Our Basic Research Labs
We have several research laboratories at Baylor College of Medicine and Rice University interacting closely with The Hearing Center at Texas Children's Hospital. Through our collaborations, we remain on the cutting edge of research and patient care for children with otolaryngological problems.
The Cochlear Biophysics Laboratory
This lab is directed by William E. Brownell, PhD, Baylor College of Medicine. Our researchers are studying the biophysics of hearing in order to better derive treatments for those with hearing issues. The remarkable sensitivity of mammalian hearing results from the ability of inner ear sensory receptor cells (the outer hair cells) to generate mechanical force in response to small electric fields. The mechanism responsible for this electromotility is a membrane-based motor that resides in the cell's lateral wall. The Cochlear Biophysics Laboratory is dedicated to understanding how electromotility is generated.
The Interdepartmental Program in Cell and Molecular Biology Laboratory
This lab is directed by Fred A. Pereira, PhD, Baylor College of Medicine. We use mice with mutations involving deficits in hearing and/or balance generated by random insertion mutagenesis or by homologous recombination to study the signaling pathways important for functional hearing and balance. We are also performing a structure-function mutagenesis analysis of the novel outer hair cell membrane protein prestin. These studies will help us to better understand and treat hearing and balance problems.
The Molecular Genetics Laboratory
This lab is directed by Raye Lynn Alford PhD, Baylor College of Medicine. Early intervention and effective treatment of childhood hearing loss is crucial to a child's speech, language development, and ability to learn. This lab follows children with sensorineural hearing loss over time, gathering data on their responses to standard therapies for hearing loss. Through these studies, we expect to evaluate the success of different treatments for hearing loss, including hearing aids and cochlear implants, in children with particular genetic mutations. These data will assist in the development of new guidelines for the treatment of early childhood hearing loss that take into account genetic information.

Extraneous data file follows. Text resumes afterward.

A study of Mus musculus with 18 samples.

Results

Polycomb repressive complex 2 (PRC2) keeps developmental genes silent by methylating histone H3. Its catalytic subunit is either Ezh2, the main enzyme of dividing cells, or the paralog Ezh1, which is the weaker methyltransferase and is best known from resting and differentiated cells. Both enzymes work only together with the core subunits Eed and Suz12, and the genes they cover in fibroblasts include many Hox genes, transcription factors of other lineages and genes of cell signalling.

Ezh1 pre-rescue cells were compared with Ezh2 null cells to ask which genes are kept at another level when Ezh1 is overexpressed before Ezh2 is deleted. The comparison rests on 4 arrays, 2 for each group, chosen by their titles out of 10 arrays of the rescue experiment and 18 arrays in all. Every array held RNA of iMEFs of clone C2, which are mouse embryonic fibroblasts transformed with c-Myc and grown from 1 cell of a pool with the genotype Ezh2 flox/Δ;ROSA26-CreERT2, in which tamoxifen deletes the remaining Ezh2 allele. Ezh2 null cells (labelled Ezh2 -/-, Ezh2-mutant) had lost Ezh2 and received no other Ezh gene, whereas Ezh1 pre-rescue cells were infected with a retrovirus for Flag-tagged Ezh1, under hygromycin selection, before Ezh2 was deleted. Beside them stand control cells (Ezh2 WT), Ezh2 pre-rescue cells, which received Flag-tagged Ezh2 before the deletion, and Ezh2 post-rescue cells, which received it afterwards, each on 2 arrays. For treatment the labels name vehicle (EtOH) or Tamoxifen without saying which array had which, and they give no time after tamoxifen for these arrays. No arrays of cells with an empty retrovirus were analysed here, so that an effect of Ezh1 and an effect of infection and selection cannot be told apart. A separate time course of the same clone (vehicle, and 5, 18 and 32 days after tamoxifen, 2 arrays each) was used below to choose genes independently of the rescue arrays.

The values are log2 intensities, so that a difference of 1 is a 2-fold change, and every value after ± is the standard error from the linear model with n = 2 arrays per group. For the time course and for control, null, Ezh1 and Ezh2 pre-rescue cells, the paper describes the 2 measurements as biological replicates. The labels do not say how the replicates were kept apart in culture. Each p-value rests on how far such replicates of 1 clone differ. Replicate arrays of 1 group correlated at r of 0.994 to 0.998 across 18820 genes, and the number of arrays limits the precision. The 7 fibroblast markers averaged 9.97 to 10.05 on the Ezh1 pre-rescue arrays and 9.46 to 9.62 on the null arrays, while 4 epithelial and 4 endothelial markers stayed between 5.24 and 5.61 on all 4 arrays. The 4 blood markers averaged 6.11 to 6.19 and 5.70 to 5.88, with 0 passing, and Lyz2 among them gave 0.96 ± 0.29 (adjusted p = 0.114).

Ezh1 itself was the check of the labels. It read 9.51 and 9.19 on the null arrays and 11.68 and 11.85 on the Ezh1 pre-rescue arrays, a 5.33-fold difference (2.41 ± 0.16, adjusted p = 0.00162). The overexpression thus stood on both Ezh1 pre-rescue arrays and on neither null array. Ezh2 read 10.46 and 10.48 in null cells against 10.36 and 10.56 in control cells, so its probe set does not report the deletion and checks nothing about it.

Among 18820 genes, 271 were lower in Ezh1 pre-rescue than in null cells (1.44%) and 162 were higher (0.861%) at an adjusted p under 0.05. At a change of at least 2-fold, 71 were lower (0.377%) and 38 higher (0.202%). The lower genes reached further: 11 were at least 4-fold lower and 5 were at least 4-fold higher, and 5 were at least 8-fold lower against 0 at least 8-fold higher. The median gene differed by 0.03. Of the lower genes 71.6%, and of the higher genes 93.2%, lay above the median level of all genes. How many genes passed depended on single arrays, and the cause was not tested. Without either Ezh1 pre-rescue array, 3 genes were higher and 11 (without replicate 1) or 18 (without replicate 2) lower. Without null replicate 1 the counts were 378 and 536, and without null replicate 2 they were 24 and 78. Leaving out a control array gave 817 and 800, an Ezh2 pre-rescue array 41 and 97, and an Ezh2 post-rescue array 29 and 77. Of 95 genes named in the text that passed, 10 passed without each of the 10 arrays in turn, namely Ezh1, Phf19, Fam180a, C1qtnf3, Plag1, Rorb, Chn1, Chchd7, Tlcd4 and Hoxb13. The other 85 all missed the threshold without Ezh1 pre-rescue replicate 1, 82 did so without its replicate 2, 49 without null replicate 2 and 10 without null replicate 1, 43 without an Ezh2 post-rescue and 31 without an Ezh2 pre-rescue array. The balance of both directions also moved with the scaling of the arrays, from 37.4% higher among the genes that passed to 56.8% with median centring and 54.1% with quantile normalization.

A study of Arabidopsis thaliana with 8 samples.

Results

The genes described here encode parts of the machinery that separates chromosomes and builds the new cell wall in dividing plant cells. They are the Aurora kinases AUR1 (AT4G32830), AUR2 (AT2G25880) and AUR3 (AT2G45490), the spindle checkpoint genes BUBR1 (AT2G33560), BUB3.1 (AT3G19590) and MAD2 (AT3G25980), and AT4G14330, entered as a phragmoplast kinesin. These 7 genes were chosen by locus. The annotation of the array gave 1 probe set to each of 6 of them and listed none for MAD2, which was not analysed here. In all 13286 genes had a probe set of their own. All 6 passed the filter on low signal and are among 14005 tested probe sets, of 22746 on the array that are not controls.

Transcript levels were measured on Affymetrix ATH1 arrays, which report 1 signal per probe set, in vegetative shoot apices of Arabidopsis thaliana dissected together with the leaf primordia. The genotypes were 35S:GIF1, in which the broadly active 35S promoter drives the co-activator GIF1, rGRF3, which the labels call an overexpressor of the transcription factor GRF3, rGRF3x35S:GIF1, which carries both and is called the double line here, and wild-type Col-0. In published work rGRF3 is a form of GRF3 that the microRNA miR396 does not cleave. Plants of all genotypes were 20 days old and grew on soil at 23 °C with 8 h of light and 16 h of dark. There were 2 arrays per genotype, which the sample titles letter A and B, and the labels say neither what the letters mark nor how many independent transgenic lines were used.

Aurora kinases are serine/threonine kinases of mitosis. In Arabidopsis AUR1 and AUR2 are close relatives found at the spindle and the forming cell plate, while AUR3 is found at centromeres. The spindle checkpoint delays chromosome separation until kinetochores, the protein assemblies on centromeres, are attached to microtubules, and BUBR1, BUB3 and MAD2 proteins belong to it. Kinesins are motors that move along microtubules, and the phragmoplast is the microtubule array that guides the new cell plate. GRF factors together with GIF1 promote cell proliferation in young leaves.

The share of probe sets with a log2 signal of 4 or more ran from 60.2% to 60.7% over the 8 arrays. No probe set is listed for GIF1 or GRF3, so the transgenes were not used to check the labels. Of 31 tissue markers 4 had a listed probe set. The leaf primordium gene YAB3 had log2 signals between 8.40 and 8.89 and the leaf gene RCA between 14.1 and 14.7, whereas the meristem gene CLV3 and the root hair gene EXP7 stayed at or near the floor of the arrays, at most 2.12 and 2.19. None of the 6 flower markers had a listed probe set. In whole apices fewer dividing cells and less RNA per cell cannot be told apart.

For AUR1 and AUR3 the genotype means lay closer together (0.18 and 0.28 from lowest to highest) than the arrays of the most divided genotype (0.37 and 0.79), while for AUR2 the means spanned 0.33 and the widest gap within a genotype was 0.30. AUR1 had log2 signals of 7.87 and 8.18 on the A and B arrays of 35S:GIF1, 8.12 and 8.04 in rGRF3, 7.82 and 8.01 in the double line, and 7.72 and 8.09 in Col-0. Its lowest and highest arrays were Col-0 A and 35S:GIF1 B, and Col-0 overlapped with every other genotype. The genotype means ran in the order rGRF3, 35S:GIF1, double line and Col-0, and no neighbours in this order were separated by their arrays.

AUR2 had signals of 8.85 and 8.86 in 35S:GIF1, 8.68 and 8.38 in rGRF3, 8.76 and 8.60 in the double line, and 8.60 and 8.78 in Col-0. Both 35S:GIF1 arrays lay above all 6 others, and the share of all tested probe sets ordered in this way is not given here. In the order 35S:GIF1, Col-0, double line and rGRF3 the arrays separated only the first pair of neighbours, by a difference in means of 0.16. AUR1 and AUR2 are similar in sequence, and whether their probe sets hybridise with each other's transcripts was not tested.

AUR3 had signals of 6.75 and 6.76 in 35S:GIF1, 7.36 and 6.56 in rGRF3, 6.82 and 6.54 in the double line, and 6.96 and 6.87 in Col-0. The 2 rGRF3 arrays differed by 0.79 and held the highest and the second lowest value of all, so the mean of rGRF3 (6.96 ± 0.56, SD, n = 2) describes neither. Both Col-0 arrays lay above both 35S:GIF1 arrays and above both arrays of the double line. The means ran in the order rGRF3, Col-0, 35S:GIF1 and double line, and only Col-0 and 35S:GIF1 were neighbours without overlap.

The Anvari Laboratory
This lab is directed by Bahman Anvari, PhD, Rice University. The Anvari Lab uses laser technologies to improve our understanding of cochlear outer hair cell and basilar membranes, which are crucial to hearing. These studies should help to generate new knowledge that may lead to better treatments for children with hearing impairment.
The Raphael Laboratory
This laboratory is directed by Robert Raphael, PhD, Rice University. The focus of the Raphael Lab includes electromechanical transduction in cochlear outer hair cells and the study of aspirin-like molecules and membrane mechanics. We approach scientific problems in a multidisciplinary spirit, employing both theory and experimental data to understand biologic processes at a fundamental level and apply this knowledge for the benefit of human health.